Powered by a tweaked version of the Cooper S turbocharged 1.6-litre four-cylinder, the GP has 160 kW (218 hp) and 260 Nm of torque, enough for a 0 to 100 km/h time of 6.3 seconds and a 242 km/h (150 mph) top speed. A time of 8:23 minutes around the Nürburgring. That’s 19 seconds quicker than its predecessor and faster than cars such as Audi’s TTS Coupé and the Lotus Exige S. Good going for a vehicle capable of averaging 7.1 l/100 km (39.8 mpg imp).
Also contributing to the GP’s performance is the aero package which consists of a larger front spoiler, aerodynamic shielding beneath the engine, an aggressive diffuser and bespoke carbon fibre rear wing that reduces lift forces at the rear axle by 90 per cent.
Chassis enhancements include the introduction of 330 x 25 mm front brakes discs with six-piston calipers and 280 x 10 mm discs at the rear, along with an adjustable coilover suspension set-up and front and rear strut braces. The DSC (Dynamic Stability Control) is combined with a special GP racing mode rather than the usual DTC, meaning that just ASC braking occurs instead of power reduction cutting in. The EDLC (Electronic Differential Lock Control) software brakes the inside wheel while turning, and redirects that drive power to the outer wheel, which is making contact with the road, or track..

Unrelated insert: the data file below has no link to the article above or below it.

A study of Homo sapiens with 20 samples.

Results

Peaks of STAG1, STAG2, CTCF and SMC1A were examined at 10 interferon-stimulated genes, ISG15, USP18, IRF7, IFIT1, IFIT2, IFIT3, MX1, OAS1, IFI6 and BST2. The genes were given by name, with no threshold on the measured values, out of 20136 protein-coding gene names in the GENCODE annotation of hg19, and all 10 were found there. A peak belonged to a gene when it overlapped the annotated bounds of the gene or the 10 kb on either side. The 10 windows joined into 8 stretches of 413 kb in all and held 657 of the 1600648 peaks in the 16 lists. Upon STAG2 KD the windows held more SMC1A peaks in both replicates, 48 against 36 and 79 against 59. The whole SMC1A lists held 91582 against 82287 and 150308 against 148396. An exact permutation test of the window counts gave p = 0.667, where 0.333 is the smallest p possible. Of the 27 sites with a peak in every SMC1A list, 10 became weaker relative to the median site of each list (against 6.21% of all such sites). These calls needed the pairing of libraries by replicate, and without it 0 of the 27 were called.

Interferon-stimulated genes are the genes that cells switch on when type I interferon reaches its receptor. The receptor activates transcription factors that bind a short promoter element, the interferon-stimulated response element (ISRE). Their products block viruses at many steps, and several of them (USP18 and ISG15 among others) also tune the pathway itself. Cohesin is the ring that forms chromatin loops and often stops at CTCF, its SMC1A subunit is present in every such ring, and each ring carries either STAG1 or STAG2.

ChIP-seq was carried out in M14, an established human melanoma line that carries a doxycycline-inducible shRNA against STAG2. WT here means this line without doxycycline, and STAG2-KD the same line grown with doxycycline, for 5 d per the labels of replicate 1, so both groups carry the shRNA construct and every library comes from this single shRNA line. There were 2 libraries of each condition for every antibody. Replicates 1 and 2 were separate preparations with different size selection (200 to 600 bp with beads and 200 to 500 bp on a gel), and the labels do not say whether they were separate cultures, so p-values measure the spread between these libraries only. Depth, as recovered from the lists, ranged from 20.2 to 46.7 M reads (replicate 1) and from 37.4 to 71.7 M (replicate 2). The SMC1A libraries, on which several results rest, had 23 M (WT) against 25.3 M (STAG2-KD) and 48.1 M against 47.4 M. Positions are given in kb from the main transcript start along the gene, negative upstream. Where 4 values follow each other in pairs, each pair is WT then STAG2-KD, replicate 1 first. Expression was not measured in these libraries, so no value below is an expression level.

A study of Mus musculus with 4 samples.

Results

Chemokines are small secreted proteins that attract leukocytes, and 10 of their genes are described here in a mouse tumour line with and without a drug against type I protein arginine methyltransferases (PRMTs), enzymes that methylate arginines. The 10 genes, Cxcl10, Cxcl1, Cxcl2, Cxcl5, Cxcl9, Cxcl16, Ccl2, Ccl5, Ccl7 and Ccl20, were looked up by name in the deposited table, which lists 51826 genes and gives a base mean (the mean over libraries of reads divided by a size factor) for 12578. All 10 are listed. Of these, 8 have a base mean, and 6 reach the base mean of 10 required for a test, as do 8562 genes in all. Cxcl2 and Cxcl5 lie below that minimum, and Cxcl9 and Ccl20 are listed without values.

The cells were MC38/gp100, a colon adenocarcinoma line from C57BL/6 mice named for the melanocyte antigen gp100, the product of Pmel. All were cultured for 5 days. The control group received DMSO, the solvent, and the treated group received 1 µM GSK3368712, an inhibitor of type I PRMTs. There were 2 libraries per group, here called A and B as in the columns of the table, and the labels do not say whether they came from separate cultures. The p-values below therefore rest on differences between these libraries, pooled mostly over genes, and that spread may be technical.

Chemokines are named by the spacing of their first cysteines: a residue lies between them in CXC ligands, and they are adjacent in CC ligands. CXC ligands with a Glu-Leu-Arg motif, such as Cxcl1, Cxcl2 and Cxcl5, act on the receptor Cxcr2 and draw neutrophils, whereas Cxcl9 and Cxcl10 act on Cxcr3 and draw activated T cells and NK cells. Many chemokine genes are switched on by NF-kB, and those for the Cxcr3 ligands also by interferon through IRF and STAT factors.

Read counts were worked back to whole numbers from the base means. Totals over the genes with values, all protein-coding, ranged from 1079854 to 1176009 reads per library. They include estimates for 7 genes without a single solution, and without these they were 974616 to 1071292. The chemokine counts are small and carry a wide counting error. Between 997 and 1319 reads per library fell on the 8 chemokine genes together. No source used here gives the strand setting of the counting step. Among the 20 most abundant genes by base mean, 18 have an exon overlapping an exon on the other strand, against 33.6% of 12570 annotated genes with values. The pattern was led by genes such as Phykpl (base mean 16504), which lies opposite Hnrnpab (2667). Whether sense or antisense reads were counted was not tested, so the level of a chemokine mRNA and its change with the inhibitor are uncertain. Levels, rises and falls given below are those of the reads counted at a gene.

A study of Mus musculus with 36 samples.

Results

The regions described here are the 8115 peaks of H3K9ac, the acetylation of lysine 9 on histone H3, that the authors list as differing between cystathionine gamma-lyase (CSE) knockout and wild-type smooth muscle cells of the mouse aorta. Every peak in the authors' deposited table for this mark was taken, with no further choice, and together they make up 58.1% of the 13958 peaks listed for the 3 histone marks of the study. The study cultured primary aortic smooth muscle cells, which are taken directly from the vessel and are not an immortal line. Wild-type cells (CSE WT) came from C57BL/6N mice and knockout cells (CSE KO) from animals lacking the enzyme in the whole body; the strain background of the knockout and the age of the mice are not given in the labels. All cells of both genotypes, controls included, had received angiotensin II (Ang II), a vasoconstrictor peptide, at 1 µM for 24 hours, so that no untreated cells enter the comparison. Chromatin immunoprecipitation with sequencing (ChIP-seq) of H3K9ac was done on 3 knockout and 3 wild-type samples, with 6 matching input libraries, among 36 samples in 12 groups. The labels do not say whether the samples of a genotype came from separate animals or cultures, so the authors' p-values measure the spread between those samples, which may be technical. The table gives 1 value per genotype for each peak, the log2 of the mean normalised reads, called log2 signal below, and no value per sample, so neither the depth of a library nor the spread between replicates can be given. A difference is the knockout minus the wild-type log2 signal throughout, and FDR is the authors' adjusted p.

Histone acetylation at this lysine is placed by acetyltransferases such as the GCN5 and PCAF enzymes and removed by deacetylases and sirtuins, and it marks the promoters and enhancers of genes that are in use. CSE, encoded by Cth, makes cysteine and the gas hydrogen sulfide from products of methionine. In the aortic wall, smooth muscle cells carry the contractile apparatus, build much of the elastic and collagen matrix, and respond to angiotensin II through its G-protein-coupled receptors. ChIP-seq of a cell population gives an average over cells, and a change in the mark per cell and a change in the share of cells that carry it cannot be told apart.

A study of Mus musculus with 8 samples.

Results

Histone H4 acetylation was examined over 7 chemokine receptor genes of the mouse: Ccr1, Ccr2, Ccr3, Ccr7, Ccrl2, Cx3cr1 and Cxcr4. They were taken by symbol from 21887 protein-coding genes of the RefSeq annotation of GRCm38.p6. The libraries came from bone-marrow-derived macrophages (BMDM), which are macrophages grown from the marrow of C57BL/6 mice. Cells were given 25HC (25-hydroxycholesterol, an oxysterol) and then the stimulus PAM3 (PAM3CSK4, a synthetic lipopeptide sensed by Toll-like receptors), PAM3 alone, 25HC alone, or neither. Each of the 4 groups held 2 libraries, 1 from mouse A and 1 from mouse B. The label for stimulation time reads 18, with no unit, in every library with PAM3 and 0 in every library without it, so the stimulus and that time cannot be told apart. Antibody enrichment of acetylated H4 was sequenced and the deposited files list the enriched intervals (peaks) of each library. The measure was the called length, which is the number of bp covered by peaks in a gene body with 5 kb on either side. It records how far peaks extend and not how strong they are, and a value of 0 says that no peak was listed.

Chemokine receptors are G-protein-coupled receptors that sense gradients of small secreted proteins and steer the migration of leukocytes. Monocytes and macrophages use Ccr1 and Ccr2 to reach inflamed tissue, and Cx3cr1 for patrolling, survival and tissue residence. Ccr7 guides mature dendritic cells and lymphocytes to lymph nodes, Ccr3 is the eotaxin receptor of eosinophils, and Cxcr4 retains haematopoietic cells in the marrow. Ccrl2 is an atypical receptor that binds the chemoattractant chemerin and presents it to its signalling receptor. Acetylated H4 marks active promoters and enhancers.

Visually, the JCW GP is finished in exclusive Thunder Grey metallic with red mirror casings, bonnet scoop edging and air intakes in the front apron. ‘GP’ side stripes and rear badging, xenon headlights in black shells and lightweight alloy wheels derived from items on the MINI Challenge race cars. Measuring 7.5 x 17-inches, they come wrapped in 215/40 R17 sports rubber or standard-size 205/45 R17 tyres as an option. Moving inside, there’s a just pair of Recaro sports seats, thick-rimmed JCW leather steering wheel, chunky chrome gearknob, piano black trim, anthracite roof lining, rev counter and speedometer dials and that all-important Sport button.